Saturday, February 9, 2019

Boreta Singleton Has Something To Say February 10th 2019 Fifth Sunday of Ordinary Time

Fifth Sunday in Ordinary Time

The first reading from Isaiah brings to mind the familiar song "Here I am Lord" set by many composers-- Dan Schutte being the most famous but also our former Xavier music director, Michael Ward. It also  reminds me during this Black History Month of my many ancestors and their White allies who gave themselves generously to the Civil Rights Movement. Dr. Martin Luther King said "yes" many times, but when he began receiving death threats, he questioned his involvement in the ministry of bringing racial justice to our country. In his autobiography,  he speaks about the terror he felt as he paced the floor one night. His wife answered the phone several times that evening, and on the other end was a person threatening to bomb their home, harm their children or kill him. The night before a brick was thrown through their front window, almost injuring his children.  Dr. King felt paralyzed with fear, but he said he sensed God saying to him, "Martin, I am with you even in these difficulties." And he said that he knew God called him, despite his fears, to press on and call all others to join him on the civil rights  journey.  He renewed his "yes" to God. 
Jesus, in today's Gospel, not only calls Peter and the disciples to "catch people," but calls us too to press on in the struggle to build God's kingdom here on earth.     Dr. King, empowered by God's grace, called on not only African Americans  but also the White clergy and their congregations across our country to join him in the pursuit of justice. The brutality of the Selma march had been seen worldwide on television, and Dr. King discerned that the tide of the movement needed to change. Soon, Christian, Jewish and Muslim clergy , in addition to others, and even leaders with no religion, joined the movement and were visibly present, unafraid to face the cruelty of their opponents. In a recent interview with Michelle  Alexander (author of "The New Jim Crow") , Angela Davis ( civil rights activist) echoed a similar way of thinking. When asked by Dr. Alexander who were her White allies, Dr. Davis stated, "I have no White allies. I have White brothers and sisters, White aunts and uncles, White friends and lovers who help me on the journey to justice. " Let us, too, join together  and,  regardless of  race, gender, ability, religion or age,  "catch people" in imitation of Jesus and the disciples. Let us invite them to join us on the journey to build God's kingdom here on earth. May  you and I respond to God's desires  for justice and peace in our world as Isaiah did:  "Here I am, Lord, send me!"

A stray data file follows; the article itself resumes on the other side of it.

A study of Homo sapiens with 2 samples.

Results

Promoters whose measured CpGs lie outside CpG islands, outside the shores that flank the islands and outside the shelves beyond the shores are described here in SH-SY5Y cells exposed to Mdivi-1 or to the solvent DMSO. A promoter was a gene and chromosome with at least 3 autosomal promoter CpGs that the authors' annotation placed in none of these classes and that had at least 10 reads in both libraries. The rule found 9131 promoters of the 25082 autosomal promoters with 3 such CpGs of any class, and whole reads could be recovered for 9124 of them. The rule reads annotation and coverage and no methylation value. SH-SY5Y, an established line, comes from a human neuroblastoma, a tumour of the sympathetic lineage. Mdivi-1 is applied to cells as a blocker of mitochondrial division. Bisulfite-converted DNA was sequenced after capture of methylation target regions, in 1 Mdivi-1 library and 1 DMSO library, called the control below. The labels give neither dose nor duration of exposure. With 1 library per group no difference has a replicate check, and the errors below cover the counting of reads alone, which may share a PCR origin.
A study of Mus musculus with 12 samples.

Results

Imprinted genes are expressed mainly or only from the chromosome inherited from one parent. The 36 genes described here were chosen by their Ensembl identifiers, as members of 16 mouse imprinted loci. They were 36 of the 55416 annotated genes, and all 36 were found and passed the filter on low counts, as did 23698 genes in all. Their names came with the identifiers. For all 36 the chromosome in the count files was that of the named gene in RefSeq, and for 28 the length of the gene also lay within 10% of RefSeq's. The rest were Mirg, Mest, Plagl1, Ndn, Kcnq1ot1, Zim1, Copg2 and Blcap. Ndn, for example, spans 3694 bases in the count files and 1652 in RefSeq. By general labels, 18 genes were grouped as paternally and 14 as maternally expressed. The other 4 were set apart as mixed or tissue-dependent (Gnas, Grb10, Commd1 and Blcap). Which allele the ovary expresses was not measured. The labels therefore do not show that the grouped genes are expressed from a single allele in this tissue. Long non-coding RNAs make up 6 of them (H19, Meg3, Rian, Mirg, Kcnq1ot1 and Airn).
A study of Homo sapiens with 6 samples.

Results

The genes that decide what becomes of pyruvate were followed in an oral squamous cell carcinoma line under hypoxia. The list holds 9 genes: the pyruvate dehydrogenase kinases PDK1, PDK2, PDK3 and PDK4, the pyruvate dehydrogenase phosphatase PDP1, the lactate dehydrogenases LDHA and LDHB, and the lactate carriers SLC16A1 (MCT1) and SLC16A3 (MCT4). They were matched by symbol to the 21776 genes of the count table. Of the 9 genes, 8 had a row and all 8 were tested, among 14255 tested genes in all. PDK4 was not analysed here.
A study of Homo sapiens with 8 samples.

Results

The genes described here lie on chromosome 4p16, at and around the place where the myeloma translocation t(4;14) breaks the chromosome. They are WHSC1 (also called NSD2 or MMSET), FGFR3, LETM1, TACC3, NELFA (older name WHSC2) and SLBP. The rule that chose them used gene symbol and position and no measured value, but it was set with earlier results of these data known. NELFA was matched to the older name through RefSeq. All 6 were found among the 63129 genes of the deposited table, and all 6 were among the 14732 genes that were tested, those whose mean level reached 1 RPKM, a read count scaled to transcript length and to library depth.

Boreta Singleton has been  a parishioner at St. Francis Xavier Parish  since 2003 and  is a member of the  choir, serves as a Spiritual Director in  the ISEL program and as a  liturgical minister.  She is  currently at St. Peter's Prep High School in Jersey City and ministers as  the Director of Faculty Formation.  Boreta lives in the Bronx, and sings with  The Ignatian Schola  and the chorus of  Choral Chameleon.